Each propulsion unit is equipped with electric over hydraulic steering, with a hydraulic steering actuator interconnected with a drive and rotation mechanism powered by the steering and tilt hydraulic pump. The unit steers 180 degrees, port to starboard, while subjected to full propeller thrust, facilitating the vessel's ability to maneuver nearly independent of wind and wave excitation forces.
The hydraulic propulsion motor is a bi-directional, variable-speed motor directly driving the propeller shaft. The hydraulic motor is installed inside the fabricated steel lower outdrive housing. The propeller shaft is supported by large, oil-lubricated taper roller bearings. The motor produces the required propeller rotative speed and is capable of complete direction reversal at full speed and torque in less than five (5) seconds. Propeller speed can be infinitely controlled in both forward and reverse directions providing excellent maneuvering ability and performance equivalent to controllable pitch propellers. Pressure limiters and cross reliefs protect the hydraulic transmission in the event of propeller blockage. The propeller can be stalled at any time without causing damage to the transmission.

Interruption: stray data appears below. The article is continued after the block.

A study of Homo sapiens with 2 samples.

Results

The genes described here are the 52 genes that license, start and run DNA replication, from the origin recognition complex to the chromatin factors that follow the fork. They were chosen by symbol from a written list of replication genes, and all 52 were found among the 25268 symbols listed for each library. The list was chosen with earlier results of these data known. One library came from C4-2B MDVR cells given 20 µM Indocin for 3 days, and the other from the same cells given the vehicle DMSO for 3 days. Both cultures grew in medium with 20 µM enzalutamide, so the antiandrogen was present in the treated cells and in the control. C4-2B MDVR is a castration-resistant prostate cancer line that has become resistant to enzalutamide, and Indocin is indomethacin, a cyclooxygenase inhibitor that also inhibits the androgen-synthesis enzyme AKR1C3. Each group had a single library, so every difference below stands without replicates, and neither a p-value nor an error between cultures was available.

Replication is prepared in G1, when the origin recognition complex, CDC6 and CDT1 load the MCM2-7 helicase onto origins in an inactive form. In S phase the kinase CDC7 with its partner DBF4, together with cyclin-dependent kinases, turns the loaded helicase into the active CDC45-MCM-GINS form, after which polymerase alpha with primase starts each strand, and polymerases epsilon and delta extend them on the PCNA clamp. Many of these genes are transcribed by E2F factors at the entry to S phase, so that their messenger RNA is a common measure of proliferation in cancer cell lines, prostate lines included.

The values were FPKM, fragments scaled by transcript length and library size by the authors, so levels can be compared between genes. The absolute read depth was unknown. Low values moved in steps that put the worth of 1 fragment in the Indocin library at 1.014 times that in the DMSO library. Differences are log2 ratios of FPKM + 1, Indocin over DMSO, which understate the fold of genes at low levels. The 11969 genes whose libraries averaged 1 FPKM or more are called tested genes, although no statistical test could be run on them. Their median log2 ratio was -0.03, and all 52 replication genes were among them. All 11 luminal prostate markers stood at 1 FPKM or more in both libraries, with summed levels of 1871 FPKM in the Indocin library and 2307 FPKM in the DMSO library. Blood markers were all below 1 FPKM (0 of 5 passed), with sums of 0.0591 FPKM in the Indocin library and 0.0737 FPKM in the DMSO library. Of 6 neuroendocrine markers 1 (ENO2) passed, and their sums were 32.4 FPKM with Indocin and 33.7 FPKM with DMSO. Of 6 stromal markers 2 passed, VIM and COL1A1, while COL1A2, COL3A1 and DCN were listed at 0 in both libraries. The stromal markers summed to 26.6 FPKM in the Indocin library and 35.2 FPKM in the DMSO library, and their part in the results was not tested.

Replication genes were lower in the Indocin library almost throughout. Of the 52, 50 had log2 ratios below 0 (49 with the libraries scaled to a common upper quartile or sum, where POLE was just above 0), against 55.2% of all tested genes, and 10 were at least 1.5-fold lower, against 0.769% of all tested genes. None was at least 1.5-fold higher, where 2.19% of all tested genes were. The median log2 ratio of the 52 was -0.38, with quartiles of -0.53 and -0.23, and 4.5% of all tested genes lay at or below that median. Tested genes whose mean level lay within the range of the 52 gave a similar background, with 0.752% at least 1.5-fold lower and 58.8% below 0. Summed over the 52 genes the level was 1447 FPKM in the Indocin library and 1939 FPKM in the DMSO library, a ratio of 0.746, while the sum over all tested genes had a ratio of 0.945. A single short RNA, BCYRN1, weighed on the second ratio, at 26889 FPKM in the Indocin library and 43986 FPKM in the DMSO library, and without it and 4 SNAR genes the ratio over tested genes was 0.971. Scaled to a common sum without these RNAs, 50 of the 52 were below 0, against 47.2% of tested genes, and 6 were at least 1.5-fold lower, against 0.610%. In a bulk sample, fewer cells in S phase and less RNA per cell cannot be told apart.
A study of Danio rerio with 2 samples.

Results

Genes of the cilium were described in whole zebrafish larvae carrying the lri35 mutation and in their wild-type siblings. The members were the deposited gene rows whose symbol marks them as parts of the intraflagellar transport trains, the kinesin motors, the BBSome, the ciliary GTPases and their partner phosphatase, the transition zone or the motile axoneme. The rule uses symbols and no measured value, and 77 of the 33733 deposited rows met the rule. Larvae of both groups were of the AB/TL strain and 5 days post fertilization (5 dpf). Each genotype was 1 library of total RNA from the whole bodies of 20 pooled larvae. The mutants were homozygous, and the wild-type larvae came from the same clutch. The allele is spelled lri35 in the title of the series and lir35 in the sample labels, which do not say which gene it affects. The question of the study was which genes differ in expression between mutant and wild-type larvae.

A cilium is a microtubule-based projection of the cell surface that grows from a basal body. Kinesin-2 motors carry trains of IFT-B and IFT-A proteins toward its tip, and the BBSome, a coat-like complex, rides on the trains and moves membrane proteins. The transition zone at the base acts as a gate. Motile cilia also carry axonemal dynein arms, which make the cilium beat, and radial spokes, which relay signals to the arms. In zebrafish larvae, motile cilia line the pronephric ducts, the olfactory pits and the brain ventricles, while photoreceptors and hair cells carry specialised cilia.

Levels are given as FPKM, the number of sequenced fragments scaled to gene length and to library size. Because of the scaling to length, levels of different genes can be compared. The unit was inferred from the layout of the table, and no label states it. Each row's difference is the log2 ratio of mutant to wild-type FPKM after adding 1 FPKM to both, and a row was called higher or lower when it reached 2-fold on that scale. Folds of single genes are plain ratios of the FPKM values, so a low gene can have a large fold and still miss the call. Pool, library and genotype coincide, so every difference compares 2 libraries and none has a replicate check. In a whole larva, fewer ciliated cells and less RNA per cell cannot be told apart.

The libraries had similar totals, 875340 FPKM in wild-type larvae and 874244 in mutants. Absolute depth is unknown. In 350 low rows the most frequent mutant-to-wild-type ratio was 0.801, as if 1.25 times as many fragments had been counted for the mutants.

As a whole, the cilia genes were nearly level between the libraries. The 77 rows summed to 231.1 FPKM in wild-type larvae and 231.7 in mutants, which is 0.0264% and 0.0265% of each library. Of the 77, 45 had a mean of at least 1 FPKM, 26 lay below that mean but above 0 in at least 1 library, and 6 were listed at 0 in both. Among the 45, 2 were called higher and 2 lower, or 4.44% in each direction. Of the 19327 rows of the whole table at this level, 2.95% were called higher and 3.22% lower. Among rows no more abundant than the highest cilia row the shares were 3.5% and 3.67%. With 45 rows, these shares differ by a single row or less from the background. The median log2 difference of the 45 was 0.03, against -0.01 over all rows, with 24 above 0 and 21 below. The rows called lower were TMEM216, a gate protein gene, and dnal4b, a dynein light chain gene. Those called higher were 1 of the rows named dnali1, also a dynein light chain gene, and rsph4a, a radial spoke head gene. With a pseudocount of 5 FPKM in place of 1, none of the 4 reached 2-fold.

The propeller shaft oil-lubricated taper roller bearings have an L10 service life in excess of 20,000 hours based on operation at full load.
The hydraulic power tilt system incorporates cross-port relief valves that allow the outdrive assembly to kick up in the event it encounters a subsurface obstruction or in the case of grounding, making them ideal for shallow draft applications.
An optional propeller depth adjustment mechanism can be provided to vary the propeller depth for light and loaded draft conditions. Hydraulic oil supply for the mechanism is supplied by the steering and tilt hydraulic pump. When the vessel is in shallow water, the propeller can be lifted above or even with the baseline; when in deep water, the propeller can be lowered below the baseline for maximum propulsive efficiency.
Open-wheel units are with a Gawn-series, 4-blade, high-thrust, manganese-bronze monoblock propeller. A heavy-duty anti-cavitation plate covers the propeller to prevent vortexing at light ship displacements. Nozzle units are equipped with a Kaplan accelerator-series, 4-blade manganese-bronze monoblock propeller inside a Kort 19A style steel nozzle. The propeller diameter, blade pitch and area ratio is calculated to provide either maximum static bollard thrust or maximum thrust at the required vessel speed taking into account the vessel draft conditions.